I am working on a long term project. I bought eight yards of duck twill and plan to have a set of chairs reupholstered with it. To get to the point where I am ready to use it on furniture I want to decorate and design all the yardage. The fabric has been washed and pressed and is ready for production. I have never worked on fabric before so this is a step into the unknown. To make the unknown and bit more familiar I test the products on a portion of the fabric first.
I usually end up with a wide variety of tools, inks and options so the only way I know how to keep them straight is to write the tool name using that tool. That way I San see what it looks like and remind myself once I start designing what it will look like before I use it. Sounds simple and yet it can take a while to get all the testing done. Most of these have to dry for 24 hours, then be heat set, so it takes time and patience to let things dry before getting too exited to start. I tested stamps and inks pads, wooden stamps I made and other items as well.
I think the waiting can be the hard part when an exciting project is about to begin. Be it the drying time or the organizational politics of getting decisions made, either way the waiting and testing can be awful. The prep work is done, the idea is firm on your brain and you have time, energy, and the tools to get started. And instead of diving right in you simply hurry up and wait. Everyone or everything is not ready so you have to be patient while all the planets align. Beside being patient you have to not get so frustrated that once you can forge ahead you are over it and want to move on to something else. It is difficult to be excited and wait at the same time and not lose your enthusiasm.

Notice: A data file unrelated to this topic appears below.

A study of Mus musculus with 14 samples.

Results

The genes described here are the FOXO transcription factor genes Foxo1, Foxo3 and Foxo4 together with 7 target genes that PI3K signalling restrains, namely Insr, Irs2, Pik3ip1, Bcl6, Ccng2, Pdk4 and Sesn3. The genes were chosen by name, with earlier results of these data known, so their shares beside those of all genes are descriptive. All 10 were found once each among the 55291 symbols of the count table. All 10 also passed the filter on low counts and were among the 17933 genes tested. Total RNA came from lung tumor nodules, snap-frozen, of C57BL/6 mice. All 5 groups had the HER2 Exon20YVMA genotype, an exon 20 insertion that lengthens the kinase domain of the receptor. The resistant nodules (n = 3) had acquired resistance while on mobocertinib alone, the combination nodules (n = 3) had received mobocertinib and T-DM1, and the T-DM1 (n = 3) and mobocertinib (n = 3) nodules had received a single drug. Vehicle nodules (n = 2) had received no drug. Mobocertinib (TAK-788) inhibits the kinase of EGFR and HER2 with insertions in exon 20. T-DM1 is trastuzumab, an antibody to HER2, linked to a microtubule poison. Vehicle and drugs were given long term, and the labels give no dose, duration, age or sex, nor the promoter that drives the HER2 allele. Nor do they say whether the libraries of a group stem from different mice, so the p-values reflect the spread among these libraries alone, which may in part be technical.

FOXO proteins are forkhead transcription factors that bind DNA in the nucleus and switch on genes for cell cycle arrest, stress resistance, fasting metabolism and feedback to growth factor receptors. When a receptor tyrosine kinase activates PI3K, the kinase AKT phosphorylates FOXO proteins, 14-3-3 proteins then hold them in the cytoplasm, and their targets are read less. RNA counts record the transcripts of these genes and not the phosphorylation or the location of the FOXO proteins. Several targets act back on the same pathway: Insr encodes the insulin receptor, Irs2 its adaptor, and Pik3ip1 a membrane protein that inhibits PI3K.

What do I do in this situation? I find something equally exciting to move to while waiting, work on this project or finish it, then get back to the big goal in time. It might seem a bit schizophrenic and yet having multiple things to work on keeps the energy going, the excitement high, and the creative juices flowing. It also helps me feel productive during what could have been a boring down time.
I’ve learned the hard way what not testing and waiting can ruin. So I test, I wait, I set and I evaluate. All that takes time and anything worth doing will take time. So heed my reminder to test, wait, then let your energy go! If it is worth doing it is worth doing right.